Health First Cardiologist Dr. Kevin Campbell Deploys First-of-Its-Kind Cardiac Monitor
By Space Coast Daily // June 23, 2023
AI-enabled BIOMONITOR IV by BIOTRONIK promises improved diagnoses, patient care
BREVARD COUNTY, FLORIDA – When Richard Dean went in for his annual checkup, he had little idea he had an atrial flutter, but Dean and his doctor quickly agreed that it may be masking a more serious condition – atrial fibrillation – and that his heart would need monitoring.
He had no clue that it would lead to him being a medical first in Central Florida.
On June 20, Dean was the first in the region to receive the BIOMONITOR IV implantable cardiac monitor (ICM) from BIOTRONIK. The latest version of the ICM is enabled by artificial intelligence that reduces false positive detections 86% while preserving 98% of the true episodes.
“This BIOMONITOR IV gives us the ability to more accurately measure heart rhythms, and it allows us to determine if the patient is having atrial fibrillation or atrial flutter, which has a huge impact on the way we care for them,” said Health First Cardiologist Kevin Campbell, MD.
BIOMONITOR IV has a battery life of five years. It also produces “some of the best electrograms I’ve seen,” Campbell says – “I can certainly tell whether the patient is in regular rhythm or not, and with little artifact.”
Fabio Vassao, a Regional Sales Director for BIOTRONIK, and Chad Neisler, a Sales Representative for the company, were on hand for the first procedure.
Neisler said the software, powered by AI, is largely responsible for that clarity, which “cuts down on the clinical staff’s work but without the physicians missing a thing.” Vassao said the device is the first one that can discriminate premature atrial contractions (PAC) from premature ventricular contractions (PVC).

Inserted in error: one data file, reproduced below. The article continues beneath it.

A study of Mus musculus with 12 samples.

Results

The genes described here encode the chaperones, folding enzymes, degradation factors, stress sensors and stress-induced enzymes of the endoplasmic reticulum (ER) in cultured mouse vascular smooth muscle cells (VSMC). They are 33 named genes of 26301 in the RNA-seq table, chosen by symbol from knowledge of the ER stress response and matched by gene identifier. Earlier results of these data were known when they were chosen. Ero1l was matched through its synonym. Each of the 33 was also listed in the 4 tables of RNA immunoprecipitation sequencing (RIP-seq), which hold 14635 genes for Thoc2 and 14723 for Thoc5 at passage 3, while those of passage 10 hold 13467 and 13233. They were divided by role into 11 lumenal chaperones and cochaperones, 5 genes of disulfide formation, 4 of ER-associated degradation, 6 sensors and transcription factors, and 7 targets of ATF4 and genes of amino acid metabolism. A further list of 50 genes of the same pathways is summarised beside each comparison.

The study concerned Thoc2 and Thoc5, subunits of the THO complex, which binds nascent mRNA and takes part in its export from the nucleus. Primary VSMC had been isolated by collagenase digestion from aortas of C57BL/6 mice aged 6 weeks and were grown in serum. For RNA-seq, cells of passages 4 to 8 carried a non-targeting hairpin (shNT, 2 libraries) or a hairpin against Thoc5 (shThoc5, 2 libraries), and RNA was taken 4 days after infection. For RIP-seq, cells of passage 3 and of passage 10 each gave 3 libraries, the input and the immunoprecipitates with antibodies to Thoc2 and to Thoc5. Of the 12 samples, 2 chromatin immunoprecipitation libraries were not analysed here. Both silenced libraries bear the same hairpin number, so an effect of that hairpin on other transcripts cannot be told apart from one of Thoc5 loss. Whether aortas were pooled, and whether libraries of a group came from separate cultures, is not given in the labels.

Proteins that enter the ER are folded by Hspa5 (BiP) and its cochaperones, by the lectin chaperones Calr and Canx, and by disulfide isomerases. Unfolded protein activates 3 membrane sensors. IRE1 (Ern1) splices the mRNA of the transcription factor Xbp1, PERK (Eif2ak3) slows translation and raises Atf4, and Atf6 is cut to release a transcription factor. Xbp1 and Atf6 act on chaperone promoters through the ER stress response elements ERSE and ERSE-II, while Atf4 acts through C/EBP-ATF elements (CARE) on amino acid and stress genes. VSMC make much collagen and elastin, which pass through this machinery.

Those different diagnoses can send a patient on vastly different courses of care.
Dr. Campbell said that, in Dean’s case, it will help determine whether he needs to be on a blood thinner, which is an important lifestyle factor for anyone – athletes especially.
Now in his 70s, Dean has competed in Ironman triathlons, surfed, windsurfed and paddleboarded. He’s very active and fit. Because his last EKG showed the potential for atrial fibrillation, he’s been prescribed a blood thinner, but it worries him.
“I’m very active, and the problem with being on a blood thinner is that if I hit myself, if I ride my bicycle and fall and hit my head, I could have a brain hemorrhage.”
“But the nice thing about blood thinners is it keeps the left atrial appendage from developing a blood clot that gets thrown up to my brain and causes stroke.”
For him, the benefits strongly outweigh the costs, but with some luck, Dean said, the monitor will direct his doctors toward a course of cardiac care that would take him off blood thinners.